Negotiating skills and awareness of collective conciliation key in today's climate: Acas publishes new Policy Discussion Paper
Acas, the employment relations service, today published its latest Policy Discussion Paper on the role collective conciliation and negotiating skills play in resolving large-scale disputes.
The new Acas paper, The alchemy of dispute resolution – the role of collective conciliation [441kb], highlights the importance of these processes in settling disputes at a crucial time. The recent unofficial wildcat action within the power industry and Lindsey oil refinery shows just how fragile collective relations can be when the economy is in crisis.
The paper also highlights the need for HR managers to be trained in the skills needed to manage collective relations in today's workplace. Many HR managers and trade union representatives are facing uncertain situations that are new and challenging.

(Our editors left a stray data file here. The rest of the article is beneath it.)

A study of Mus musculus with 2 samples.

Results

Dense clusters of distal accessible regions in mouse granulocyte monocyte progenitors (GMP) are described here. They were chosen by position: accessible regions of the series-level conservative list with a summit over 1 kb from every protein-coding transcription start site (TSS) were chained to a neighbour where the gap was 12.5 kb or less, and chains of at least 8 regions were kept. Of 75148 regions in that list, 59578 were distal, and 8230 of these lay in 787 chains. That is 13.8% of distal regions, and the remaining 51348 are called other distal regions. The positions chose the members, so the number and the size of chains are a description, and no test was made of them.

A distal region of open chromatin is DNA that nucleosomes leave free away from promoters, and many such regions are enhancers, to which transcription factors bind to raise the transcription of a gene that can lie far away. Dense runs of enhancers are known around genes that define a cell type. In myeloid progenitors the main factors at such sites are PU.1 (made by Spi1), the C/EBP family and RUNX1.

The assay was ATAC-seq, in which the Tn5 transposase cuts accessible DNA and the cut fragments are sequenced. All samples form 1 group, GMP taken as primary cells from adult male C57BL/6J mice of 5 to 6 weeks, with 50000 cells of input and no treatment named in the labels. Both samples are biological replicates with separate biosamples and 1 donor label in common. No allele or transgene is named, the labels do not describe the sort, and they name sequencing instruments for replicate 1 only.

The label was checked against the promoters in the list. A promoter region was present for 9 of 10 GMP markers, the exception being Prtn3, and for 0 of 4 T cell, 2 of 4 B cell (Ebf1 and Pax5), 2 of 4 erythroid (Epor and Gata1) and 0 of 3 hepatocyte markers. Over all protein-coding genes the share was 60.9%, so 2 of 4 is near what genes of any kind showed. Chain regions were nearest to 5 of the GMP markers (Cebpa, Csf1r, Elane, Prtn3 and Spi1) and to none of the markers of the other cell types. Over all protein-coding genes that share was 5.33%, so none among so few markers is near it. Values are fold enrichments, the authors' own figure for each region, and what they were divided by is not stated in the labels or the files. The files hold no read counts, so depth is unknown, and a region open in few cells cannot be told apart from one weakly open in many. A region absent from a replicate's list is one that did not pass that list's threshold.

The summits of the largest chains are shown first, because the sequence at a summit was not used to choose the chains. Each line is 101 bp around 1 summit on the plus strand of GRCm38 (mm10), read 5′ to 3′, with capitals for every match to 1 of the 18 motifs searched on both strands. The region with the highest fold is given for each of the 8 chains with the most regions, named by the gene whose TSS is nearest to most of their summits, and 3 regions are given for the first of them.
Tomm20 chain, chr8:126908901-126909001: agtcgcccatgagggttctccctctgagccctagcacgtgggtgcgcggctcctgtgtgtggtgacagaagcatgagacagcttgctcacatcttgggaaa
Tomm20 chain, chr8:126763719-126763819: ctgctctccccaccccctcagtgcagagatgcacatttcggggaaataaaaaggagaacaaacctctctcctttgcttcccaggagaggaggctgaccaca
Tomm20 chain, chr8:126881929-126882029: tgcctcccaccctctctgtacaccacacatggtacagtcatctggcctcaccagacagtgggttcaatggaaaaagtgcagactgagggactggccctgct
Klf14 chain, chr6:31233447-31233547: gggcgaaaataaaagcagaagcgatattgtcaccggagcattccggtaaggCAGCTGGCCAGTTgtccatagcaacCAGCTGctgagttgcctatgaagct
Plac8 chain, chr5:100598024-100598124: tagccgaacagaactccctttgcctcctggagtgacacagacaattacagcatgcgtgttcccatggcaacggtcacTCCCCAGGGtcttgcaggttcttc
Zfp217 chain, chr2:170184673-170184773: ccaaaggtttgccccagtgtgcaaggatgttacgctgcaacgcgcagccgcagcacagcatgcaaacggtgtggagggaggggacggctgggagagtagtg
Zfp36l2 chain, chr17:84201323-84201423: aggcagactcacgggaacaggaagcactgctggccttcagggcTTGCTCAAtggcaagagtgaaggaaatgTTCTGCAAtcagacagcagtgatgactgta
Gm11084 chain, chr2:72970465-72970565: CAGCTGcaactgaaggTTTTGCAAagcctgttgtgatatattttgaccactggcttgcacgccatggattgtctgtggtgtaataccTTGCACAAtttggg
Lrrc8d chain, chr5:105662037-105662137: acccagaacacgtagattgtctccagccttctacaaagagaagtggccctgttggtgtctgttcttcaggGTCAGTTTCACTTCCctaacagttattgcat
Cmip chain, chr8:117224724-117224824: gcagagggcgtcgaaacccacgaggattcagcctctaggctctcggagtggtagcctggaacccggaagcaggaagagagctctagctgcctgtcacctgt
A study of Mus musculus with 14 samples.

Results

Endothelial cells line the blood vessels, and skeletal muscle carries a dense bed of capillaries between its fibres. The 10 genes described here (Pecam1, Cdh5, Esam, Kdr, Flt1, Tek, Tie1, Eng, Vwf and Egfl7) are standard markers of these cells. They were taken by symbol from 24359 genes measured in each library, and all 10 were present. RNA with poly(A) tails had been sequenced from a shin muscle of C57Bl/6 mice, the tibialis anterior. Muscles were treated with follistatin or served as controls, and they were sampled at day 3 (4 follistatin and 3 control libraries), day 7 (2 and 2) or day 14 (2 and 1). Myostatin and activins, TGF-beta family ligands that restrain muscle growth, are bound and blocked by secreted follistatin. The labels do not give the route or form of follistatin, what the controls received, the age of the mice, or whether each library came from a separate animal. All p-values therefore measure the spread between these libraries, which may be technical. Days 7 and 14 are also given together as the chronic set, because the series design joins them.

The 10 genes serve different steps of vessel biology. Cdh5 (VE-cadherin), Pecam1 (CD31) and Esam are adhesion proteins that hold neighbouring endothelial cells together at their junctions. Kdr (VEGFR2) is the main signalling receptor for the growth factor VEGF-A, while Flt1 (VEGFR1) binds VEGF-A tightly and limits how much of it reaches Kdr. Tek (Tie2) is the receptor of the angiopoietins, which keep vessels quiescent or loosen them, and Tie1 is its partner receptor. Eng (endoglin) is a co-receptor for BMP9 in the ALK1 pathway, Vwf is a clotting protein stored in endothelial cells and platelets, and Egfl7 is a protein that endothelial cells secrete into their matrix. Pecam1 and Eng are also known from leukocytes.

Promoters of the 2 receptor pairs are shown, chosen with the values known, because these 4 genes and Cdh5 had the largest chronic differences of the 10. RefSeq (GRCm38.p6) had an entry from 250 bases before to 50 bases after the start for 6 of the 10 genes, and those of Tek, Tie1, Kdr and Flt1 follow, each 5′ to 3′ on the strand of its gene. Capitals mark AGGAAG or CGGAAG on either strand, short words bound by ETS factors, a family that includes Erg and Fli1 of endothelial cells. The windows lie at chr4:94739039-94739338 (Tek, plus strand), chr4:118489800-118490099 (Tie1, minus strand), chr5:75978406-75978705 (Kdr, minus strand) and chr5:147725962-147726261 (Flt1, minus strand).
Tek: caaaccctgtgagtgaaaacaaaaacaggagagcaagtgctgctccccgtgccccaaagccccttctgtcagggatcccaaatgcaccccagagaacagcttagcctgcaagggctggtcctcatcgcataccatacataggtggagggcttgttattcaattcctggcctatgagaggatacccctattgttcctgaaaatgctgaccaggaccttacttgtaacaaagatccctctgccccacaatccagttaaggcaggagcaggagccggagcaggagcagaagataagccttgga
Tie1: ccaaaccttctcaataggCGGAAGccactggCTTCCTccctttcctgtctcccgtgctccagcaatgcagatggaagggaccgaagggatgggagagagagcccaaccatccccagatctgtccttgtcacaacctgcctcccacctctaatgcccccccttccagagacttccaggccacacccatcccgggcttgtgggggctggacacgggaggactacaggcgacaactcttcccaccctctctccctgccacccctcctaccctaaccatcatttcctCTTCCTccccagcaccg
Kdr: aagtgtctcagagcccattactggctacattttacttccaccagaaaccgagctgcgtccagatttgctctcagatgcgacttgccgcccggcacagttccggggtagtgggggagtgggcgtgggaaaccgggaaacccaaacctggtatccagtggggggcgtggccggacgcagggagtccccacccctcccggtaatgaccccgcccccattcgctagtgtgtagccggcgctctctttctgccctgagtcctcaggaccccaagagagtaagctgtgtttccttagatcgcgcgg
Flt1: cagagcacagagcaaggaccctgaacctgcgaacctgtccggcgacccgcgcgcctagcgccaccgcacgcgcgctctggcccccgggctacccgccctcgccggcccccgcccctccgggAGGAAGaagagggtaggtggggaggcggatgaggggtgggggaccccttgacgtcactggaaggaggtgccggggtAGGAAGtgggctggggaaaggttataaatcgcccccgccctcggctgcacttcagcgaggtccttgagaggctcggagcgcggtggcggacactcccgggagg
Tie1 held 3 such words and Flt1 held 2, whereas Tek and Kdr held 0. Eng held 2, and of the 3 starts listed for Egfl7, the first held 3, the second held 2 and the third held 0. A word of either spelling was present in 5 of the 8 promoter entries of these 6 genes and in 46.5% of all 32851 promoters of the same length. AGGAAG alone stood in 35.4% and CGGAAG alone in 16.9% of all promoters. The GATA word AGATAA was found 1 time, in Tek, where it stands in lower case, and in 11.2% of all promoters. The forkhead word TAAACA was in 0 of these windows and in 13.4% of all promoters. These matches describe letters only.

Acas has a long tradition of providing collective conciliation in many different parts of the public sector. However, disputes within the public sector are also identified as an area where Acas collective conciliation could be used more. A certain reluctance on the part of some public sector bodies to make full use of the service is noted – a missed opportunity in view of the relatively high level of trade union density in the sector compared to the private sector.
Research into the economic impact of Acas identified that the collective conciliation service provides benefits worth £159 million a year to the national economy. As the country weathers the recession, the role of collective conciliation has never been more important.
Ed Sweeney, Acas Chair said:
''Providing training in the skills associated with collective conciliation, and raising awareness and promoting the use of this particular Acas service, are vital steps in order to prevent disputes getting out of hand and causing long-term damage to British industrial relations."
Notes for editors
Acas' aim is to improve organisations and working life through better employment relations. It provides information, advice, training and a range of services working with employers and employees to prevent or resolve problems and improve performance. It is an independent statutory body governed by a Council consisting of the Acas Chair and employer, trade union and independent members.